Home PageArchivesVolume no. 3Issue 1Review: McCarron

‘The Hole in the Wall’

Meghan McCarron

 
Lisa Rowe Fraustino, “The Hole in the Wall”
Milkweed Editions
2011, 280 pages, paperback, $17
 

There is an element in children’s literature that adults often label “fun,” which I would call “immediacy.” At its best, a children’s book dips and soars like a child’s experience of the world. A child-reader finds her experience mirrored and understood; the adult reader re-experiences familiar conundrums as fresh and new, both exciting and frightening. One of the most notable manifestations of this phenomenon is the way children’s books re-define the nature of “home.” As adults, we have learned to imagine home as a static haven. But in children’s literature, it is anything but. “Home” is changeable and unstable, with hidden doorways and secret signs. This paradox, seen in everything from classics like the “Narnia” books to contemporary favorites like “When You Reach Me,” animates children’s literature with a unique sense of place.

In Lisa Rowe Fraustino’s “The Hole in the Wall,” the story is of Sebby, a twelve-year-old boy whose town has been half-destroyed by an unusual strip mine. Many of the town’s residents were bought out to create the mine, and now the runoff is polluting Sebby’s family’s property. The strip mine in “The Hole in the Wall” isn’t for coal; it’s for a magical mineral called adrium. Its properties are never fully defined, but it has the power to inhabit paint, perhaps restore youth, and, in large doses, it turns organic matter to stone. Sebby’s family’s chickens, his older brother, and his father all suffer from serious adrium poisoning. But Sebby has found a bright spot. In the middle of a slag heap, he finds a hidden-away oasis and a cave where colors dance on the walls. He calls it the “Hole in the Wall.”

This summary makes “The Hole in the Wall” sound bleaker than it actually is. In fact, Sebby is an energetic, adventure-loving kid who doesn’t take the portents around him very seriously. He describes a petrified egg he finds thusly: “Instead of going SPLAT! Like a decent egg should, the freak went BUMP!” He and his twin sister, Barbie, hide the eggs away and try to revive them. They sneak into the owner of the mine’s house, and befriend his quirky, elderly mother. They journey deep underground to find more of the sparkling, colorful rock. Sebby steals cookie dough and forgets to turn in his homework and gets into tussles with Barbie.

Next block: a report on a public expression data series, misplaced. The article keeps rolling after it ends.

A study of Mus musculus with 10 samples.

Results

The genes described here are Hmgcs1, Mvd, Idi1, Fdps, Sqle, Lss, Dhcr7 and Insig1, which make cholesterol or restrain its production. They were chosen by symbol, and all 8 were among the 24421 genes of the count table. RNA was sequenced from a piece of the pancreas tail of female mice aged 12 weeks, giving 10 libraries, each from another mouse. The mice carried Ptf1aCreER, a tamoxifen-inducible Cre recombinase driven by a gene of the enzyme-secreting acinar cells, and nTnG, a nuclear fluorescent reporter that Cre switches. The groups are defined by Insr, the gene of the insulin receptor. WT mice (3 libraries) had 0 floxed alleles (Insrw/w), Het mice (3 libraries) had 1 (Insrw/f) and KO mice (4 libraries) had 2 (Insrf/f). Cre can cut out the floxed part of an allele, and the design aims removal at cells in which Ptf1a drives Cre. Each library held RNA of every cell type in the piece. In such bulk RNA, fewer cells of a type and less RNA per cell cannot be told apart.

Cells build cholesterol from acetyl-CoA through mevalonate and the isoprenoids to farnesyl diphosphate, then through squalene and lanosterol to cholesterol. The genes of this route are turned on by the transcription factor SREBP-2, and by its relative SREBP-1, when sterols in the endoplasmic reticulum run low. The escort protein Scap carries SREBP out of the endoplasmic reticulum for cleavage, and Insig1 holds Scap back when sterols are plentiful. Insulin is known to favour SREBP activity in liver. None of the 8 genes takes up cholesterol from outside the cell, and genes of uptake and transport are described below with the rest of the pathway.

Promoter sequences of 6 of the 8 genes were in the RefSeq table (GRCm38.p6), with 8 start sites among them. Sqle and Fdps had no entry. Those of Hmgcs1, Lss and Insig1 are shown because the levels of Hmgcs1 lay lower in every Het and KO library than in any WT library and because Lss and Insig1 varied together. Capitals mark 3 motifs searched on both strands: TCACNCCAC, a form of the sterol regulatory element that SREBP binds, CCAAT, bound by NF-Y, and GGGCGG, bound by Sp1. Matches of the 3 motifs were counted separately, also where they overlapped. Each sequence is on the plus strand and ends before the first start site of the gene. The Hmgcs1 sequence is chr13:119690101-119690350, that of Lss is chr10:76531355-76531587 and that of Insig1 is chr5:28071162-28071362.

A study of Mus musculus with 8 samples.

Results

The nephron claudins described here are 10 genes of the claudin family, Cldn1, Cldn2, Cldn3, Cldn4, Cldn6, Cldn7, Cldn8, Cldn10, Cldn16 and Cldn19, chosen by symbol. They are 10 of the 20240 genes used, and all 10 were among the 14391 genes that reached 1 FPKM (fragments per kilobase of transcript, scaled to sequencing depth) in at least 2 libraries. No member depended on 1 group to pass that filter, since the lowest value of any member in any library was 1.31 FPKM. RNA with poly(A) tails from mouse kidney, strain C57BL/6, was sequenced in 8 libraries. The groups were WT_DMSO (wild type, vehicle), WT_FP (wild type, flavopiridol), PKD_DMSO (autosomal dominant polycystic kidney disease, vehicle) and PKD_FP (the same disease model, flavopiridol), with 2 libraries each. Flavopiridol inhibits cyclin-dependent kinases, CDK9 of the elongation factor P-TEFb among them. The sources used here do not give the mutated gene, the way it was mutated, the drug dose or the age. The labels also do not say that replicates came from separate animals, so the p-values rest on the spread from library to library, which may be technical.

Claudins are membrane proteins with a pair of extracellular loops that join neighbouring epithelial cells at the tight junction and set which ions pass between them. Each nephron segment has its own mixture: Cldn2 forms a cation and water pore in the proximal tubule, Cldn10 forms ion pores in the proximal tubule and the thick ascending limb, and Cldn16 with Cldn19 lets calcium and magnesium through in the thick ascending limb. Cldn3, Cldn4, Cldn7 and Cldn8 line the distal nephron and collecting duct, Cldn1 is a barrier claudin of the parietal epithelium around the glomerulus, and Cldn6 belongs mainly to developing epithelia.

At its best, Fraustino’s book looks at the cascading effects of strip-mining while still retaining a child-like wonder for the world. The runoff and the secret mineral being mined have myriad bad effects, which are slowly revealed by the damage they cause, from giant killer mold to poisoned groundwater. Furthermore, the mine fractures Sebby’s family. His father, once a master stone mason, can’t find work and takes to drinking. His mother can no longer sell eggs, and she might have to leave the land that has been in his family for generations. His grandmother, called Grum, lives with them now, since her house was bought out by the mine.

Fraustino also does some interesting work with class and how money is used to ease the way for environmentally destructive policies. The mine owner is a childhood friend of Sebby’s Pa, and there is an implication that he discovered the mineral because he spent his childhood exploring the area’s underground caves. His status as a local encourages the townspeople to trust him, but he also offers big buyouts to get people off their land. In one scene, he shows up at Sebby’s house with a pile of cash and offers more if the family wants it. The presence of that money creates a great deal of division within the family, suggesting that the wad of cash will not make them as happy as Pa assumes, especially because they are offered a new house in a development next to the mall, instead of the beautiful land they currently own.

The magical nature of adrium allows Fraustino to create both a more immediate environmental disaster than the usually slow-moving poisoning involved with mines and also a story that feels allegorical rather than preachy. The reader is invited to consider the impact not just of a specific environmental issue but of our general willingness to sacrifice nature and safety in order to extract a “precious” resource. Adrium has some cool properties—the book opens with Sebby’s love for the show of flickering colors it creates along a cave wall—which also complicates the narrative of whether mining adrium is ‘evil’ or ‘good.’ The element can be beautiful, but it also makes an ugly mess.

“The Hole in the Wall” would best suit young readers with a taste for adventure and playfulness who are just being introduced to the concept of environmentalism. The story does have dark elements—the family nearly loses their house, Sebby’s parents split up, and adrium has some frightening side effects—but Fraustino handles them with a light hand, and, at the end of the story, she offers a fairly happy ending. The book, as a result, does not offer the most nuanced look at the long-term effects of environmental devastation, but it offers a playful and balanced introduction.

Meghan McCarron’s short stories have appeared in venues such as Strange Horizons, Lady Churchill’s Rosebud Wristlet, and Clarkesworld. A former Hollywood assistant, boarding school English teacher, and independent bookseller, she is currently getting her MFA at Texas State University.